And Trumps Or, Better Decisions Without Narrow Frame
Things at work have been humming along smoothly for the past two years. But recently, management was shaken up. I’ll spare you the gory details, but lately I’ve been asking myself, “When should I leave my job?”
Coincidentally, I stumbled upon Derek Halpern’s interview with Dan Heath. They were discussing concepts explored in his book called Decisive. One of the enemies of good decision making, goes by something he called Narrow Frame. I don’t want to butcher his concept, but he went on to explain that critical decisions, where we should explore multiple options, we somehow narrow the choices down to one.
Specifically, for a job, we boil it down to “Should I stay or should I go?”. For entrepreneurs, it probably sounds closer to “Should I stay in my 9-to-5 or leave to start my own business?”. Heath went on to say the better question would be “How can I stay in my job AND start my own business?” I want to dive deeper into why I actually like using the narrow frame to make my decisions.
Spur Myself to Action
Like I said before, I’m very status quo and like to stick to my comfort zone. With the unexpected increase of stress from new management, I’m trying to use this as a catalyst to start my own business. My usual move, would be to grin and bear it, and look for reasons why I should be happy with my situation. This ultimately renders me into non action, settling, and a whole lot of nothing.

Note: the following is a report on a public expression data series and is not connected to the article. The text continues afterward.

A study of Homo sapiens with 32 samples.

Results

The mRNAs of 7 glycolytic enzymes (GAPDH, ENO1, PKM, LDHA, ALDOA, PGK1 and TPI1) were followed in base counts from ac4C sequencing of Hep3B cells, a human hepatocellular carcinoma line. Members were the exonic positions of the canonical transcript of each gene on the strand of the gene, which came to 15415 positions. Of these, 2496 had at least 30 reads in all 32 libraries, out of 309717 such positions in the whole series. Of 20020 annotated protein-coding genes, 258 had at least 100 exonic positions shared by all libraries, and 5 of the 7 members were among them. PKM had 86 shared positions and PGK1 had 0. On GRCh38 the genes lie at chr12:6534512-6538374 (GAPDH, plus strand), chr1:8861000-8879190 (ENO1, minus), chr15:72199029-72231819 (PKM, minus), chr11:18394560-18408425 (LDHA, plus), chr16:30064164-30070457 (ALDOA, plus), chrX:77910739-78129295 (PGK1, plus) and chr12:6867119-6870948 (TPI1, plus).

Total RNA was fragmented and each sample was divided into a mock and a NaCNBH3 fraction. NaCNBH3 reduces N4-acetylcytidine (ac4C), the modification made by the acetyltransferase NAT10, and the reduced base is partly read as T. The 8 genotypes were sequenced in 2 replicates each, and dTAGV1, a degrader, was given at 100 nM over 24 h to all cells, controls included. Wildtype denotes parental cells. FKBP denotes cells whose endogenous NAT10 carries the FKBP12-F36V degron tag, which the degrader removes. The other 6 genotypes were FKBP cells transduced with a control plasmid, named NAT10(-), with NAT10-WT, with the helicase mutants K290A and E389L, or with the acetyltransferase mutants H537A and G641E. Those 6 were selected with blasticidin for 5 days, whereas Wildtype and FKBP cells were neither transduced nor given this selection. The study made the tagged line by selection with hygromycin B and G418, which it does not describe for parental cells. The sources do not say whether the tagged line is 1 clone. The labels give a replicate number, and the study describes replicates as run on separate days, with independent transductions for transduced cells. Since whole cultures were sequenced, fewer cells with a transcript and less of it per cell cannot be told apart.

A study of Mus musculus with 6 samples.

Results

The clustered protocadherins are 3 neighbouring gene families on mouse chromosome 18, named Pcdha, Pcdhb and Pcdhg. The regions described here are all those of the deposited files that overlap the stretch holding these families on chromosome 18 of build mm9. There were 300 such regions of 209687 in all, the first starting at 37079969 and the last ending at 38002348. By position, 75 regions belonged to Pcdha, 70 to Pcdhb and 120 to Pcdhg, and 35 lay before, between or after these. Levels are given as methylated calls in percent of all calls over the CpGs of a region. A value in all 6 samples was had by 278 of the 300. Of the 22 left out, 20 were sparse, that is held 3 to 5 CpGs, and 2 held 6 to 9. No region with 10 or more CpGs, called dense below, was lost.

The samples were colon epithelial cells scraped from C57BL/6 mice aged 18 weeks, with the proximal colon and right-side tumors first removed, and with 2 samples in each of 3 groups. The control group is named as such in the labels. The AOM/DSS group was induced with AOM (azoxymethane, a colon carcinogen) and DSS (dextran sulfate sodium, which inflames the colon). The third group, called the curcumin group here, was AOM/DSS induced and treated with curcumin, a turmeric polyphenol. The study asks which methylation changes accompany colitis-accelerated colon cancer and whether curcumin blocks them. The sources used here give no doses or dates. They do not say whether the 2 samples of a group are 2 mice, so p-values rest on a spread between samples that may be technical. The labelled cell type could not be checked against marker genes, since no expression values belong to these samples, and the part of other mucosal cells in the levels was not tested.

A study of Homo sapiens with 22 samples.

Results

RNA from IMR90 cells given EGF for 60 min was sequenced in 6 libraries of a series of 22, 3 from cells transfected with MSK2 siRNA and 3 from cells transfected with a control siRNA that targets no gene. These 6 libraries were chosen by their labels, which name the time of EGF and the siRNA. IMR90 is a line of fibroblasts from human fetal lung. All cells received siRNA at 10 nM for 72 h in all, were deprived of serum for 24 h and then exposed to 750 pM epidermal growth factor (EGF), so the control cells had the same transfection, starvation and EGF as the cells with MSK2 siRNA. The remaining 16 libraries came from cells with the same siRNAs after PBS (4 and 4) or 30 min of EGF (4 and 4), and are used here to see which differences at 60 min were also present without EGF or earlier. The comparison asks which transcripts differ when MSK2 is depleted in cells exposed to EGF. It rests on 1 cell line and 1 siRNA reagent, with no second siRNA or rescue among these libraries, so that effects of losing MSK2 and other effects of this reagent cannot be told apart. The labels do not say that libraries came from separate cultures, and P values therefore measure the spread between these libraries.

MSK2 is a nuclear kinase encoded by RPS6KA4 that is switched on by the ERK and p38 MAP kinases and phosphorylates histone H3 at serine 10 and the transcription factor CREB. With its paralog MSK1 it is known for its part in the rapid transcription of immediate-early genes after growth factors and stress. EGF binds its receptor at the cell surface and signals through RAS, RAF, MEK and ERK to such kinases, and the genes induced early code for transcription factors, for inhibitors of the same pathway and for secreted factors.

Avoiding Analysis Paralysis
If I keep things simple, and whip myself into a frenzy with the new office drama, I eliminate analysis paralysis by removing other options on the table. I lost count of how many times analysis paralysis also rendered me into non action, settling, and a whole lot of nothing. Do you see a pattern here?
After digesting Derek and Dan’s discussion, I’m no longer rushing myself out the door. Besides listening to Derek’s podcast, and investing in Dan’s book Decisive, I have two additional items to combat narrow frame decision making.
Stay calm and recognize that a critical life decision such as leaving your job should not be taken lightly. The last thing you need is making a rash emotional decision. Ask yourself, wouldn’t it serve you better in the long run if you looked at all possible options and make the decision in a calm, objective state of mind?
Recognize that going all in and taking action could be a good thing. However, if you want to avoid a high-stakes gamble and suffer possible regrets, you need to look at all options. Understand analysis paralysis could occur, but your mission is calm, diligent action.
For more information on better decision making and avoiding the narrow frame, you can listen to Derek’s interview with Dan at http://socialtriggers.com/decisive-dan-heath/ and read more about Decisive at http://heathbrothers.com/books/decisive/.